Germany has a holiday devoted to women doing whatever they want

Washer Princess Ann-Kathrin I. holds up symbolic the town hall key as the mayor of Bonn Beuel Juergen Nimptsch (2nd-L) smiles during the fat thursday on February 27, 2014 in Bonn, Germany.
Andreas Rentz

Carnival festivities kicked off on Thursday throughout Western Germany’s Rhineland region with a celebration of women: “Weiberfastnacht.”

“Weiberfastnacht,” or Women’s Carnival Day, marks an unofficial holiday in towns along the Rhine like Mainz, Cologne, and Dusseldorf, where ladies are given the key to the city by the Lord mayor and have free reign for the remainder of the day. Why can’t every day be Weiberfastnacht day?

Thousands of women in vibrant, multi-colored costumes descend upon town centers for the celebration. The popular event encourages women to assert their power through customs like symbolically storming town halls, snipping off men’s ties below the knot, and compensating them with a festival kiss or “Butzie.” International delegates at a conference in Dusseldorf wearing business attire were reportedly warned to be wary of women with scissors if they ventured into the streets, according to The Daily Mail.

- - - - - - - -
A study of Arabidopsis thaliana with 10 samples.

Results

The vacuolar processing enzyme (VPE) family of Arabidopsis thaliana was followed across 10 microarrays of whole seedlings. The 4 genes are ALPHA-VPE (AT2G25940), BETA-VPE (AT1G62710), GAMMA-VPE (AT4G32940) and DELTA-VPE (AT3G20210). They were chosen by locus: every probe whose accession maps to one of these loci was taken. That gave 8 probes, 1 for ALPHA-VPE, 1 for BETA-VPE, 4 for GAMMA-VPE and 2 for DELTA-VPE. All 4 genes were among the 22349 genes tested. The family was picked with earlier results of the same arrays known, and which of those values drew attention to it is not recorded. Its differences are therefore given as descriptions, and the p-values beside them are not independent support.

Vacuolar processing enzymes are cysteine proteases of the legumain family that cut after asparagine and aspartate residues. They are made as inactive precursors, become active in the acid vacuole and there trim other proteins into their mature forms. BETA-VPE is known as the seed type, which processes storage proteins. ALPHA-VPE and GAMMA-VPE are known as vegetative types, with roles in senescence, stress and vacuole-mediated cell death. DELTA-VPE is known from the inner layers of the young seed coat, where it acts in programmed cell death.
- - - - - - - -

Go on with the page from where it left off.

Historically, celebrations begin at 11:11 a.m. with traditional figures: the Prince, the Peasant and the Virgin commencing the occasion. In a similar fashion to Mardi Gras in the United States, the multi-day Rhineland Carnival known as ‘crazy days’ is held each year in the last week before the penitential season of Lent. It is an opportunity for parades, parties, drinking and general debauchery, but most importantly: a day of feminism.

The most raucous day of parades is said to be “Rose Monday,” when large pageants wend around the cities boasting fabulous floats, which are apparently used as an occasion to lampoon German politicians. Carnival is also celebrated in other areas of Germany outside of Rhineland, Deutche-Welle reports, but it sometimes goes by different names like “Fasching” and the rituals vary.